Research into the impact upon history of a world devoid of William The Conqueror conducted by the Commission has indicated that The Domesday Book, a catalogue of all the land in England, what was held upon it and by whom it was owned, was commissioned in December, 1085 and completed the following year by William as a means to ascertain what taxes he could levy, would never have been compiled by anyone else. Thus paving the way for a Domesday Newspaper

The Domesday Book must be one of the most boring tomes ever written. It therefore follows that any publication sharing that name, or any derivative of it, will be tarred with that association and be considered a tedious reaa. This consideration nullified any attempts to produce a Doomsday (or Domesday) Newspaper that would’ve appealed to a previously uncatered for section of the British reading public, those of a depressed nature.

‘Newspapers might well flaunt depressing news, but contained within its many pages are also feel good stories, features on holidays, horoscopes that hint strongly at better times ahead, scantily clad young people, cartoons and worst of all agony aunts who try to make awful situations better for readers who write in with their problems.

The Omphalos, the computer program designed by Professor Delphi to postulate and then examine all the possible outcomes of life without certain historical figures, has some, ironically, very good news for those only wishing to be brought further down by their reading material. For it has forecast that in a world where William The Conqueror is turned away at customs in 1066, a Doomsday Newspaper will flourish as a consequence of there being no Doomsday Book.

The Doomsday Newspaper

This newspaper was similar in style to the periodicals specializing in sports coverage around Britain called the likes of The Pink’UN (black print on pink paper) and The Green ‘UN (black print on green paper. However, where it differed was in its radical combination of black ink upon black paper, something that appealed tremendously to the downhearted.

The Doomsday Newspaper (aka The Black’UN) provoked a mixed reaction when it first went to press in 1925. On Merseyside, for instance, Liverpool and Everton soccer fans complained because they couldn’t find where their respective teams were in the tables in the sports pages after that Saturday’s round of matches. Whereas, in the likes of Bristol, Plymouth and Hull supporters of clubs there liked it for the very same reason.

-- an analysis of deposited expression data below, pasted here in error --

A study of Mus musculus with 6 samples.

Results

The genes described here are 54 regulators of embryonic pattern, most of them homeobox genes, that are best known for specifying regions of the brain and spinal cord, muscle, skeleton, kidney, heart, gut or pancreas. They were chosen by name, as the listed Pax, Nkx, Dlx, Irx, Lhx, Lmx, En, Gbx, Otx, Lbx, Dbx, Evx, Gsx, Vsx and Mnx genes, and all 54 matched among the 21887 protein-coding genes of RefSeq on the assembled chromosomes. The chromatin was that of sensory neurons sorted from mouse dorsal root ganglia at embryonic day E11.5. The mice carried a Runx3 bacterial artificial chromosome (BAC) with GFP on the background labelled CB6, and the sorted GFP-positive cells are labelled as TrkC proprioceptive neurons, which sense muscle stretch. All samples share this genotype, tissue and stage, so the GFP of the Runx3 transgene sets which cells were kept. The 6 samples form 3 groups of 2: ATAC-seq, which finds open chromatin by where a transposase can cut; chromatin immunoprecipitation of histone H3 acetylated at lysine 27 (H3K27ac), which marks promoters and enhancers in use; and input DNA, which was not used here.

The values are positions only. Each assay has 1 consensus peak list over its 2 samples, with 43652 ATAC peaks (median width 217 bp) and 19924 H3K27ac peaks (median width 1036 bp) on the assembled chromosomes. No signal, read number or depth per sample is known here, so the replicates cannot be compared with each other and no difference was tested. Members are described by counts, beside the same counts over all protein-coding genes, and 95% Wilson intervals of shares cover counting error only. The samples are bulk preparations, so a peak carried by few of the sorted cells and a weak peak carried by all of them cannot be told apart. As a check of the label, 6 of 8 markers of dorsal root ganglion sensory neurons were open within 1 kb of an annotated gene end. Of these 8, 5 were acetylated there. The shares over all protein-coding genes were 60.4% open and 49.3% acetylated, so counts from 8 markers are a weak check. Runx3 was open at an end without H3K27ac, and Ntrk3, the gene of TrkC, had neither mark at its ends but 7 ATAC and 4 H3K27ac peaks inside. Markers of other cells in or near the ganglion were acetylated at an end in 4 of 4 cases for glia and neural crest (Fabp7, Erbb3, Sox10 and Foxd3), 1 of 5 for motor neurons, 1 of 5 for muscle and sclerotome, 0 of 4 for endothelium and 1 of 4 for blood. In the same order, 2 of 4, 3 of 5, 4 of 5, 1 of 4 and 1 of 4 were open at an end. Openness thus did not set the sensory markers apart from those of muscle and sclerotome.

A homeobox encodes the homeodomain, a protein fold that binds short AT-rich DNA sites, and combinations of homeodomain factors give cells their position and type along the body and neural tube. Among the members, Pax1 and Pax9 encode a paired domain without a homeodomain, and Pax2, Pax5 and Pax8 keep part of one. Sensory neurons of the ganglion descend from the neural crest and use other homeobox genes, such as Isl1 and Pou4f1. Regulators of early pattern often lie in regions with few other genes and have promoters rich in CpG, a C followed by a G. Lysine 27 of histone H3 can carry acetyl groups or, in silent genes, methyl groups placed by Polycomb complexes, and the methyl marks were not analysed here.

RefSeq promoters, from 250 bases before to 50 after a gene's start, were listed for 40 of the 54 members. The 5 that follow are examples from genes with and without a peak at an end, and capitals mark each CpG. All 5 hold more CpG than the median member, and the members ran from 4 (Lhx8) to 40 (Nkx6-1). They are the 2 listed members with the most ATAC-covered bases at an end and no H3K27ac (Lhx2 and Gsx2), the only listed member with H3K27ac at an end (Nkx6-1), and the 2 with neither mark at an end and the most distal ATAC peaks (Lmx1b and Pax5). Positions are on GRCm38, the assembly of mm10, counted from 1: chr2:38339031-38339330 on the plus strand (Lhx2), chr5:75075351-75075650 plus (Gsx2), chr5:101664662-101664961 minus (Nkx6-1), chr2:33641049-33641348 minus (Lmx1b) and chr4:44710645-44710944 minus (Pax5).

The Doomsday Newspaper (aka The Black’UN) swiftly gained a reputation for unbiased reporting and also appealed to illiterates, a group previously ignored by the newspaper industry. Proof of the paper’s growing popularity came in 1927 when a record seventy thousand applications were received to fill the recently vacated post of proof reader.

The Black’UN won the prestigious Sports Picture of the Year Award in 1932 for a photo depicting a rugby match played on a winter’s night before the advent of floodlights. Similarly, when a speck of white erroneously appeared on the front page of The Black’UN on August 9, 1933, editorial staff were able to pass it off as the first picture of Halley’s comet taken in deep space on its way to rendezvouz with the Earth’s skyline in five decades time.

Of course, The Doomsday Newspaper boasted more chronically depressed people among its readership than any other newspaper. It came as no surprise, therefore, when it was revealed in 1936 that newsstands exclusively selling that paper alone, had pitches on or adjacent to some of Britain’s most popular suicide spots such as Beachy Head and The Clifton Suspension Bridge* and that these entrepreneurs did a roaring trade.

*The Clifton Suspension Bridge newsstand eventually relocated onto the Portway below the bridge, due to falling custom.

The Doomsday Newspaper had the biggest turnover of any newspaper in terms of readership as a significant proportion of its audience were very much down in the dumps and prone to ending their lives early or being too depressed to be arsed enough to seek treatment for ailments that afflicted them. Although The Black’UN, as it was affectionately known, did devote four pages each week to health matters, but it’s fair to say that 100% of its readers were completely in the dark about this. Yet, some of the purchasers of this niche publication could actually be described as of sunny disposition. One such reader was Gavin McCloud from South Wales. But his effervescent demeanour didn’t prevent him from adding to the high early deaths statistic among the readership. This was tragically due to his reading The Black’UN on Platform 4 of Cardiff Central Station on April 24, 1939. The Swansea to Paddington Express ran him over, the driver having mistaken him for the entrance to The Severn Tunnel.

As a result of this tragedy it was decided to no longer produce The Doomsday Newspaper in broadsheet form but to reduce it to a tabloid instead. The impact on sales was negligible but the potential for an impact upon customers being mistaken for tunnel entrances was cut even more.

The death knell for the paper came in the Second World War when customers found that they no longer needed to buy copies as they could read the latest edition framed in the windows of a neighbour’s home. Thus was because it made excellent blackout material. The Doomsday Newspaper publishers cunningly decided to reverse this trend by printing it on magnetic paper thus attracting any German bombs that were to fall towards the homes of those displaying it. This was only partly successful, for yes, fewer homes used The Doomsday Newspaper as blackout material, but this was dwarfed by the unprecedented rise in the amount of Black’UN purchasers accused of stealing cash tills on their way out of the newsagents.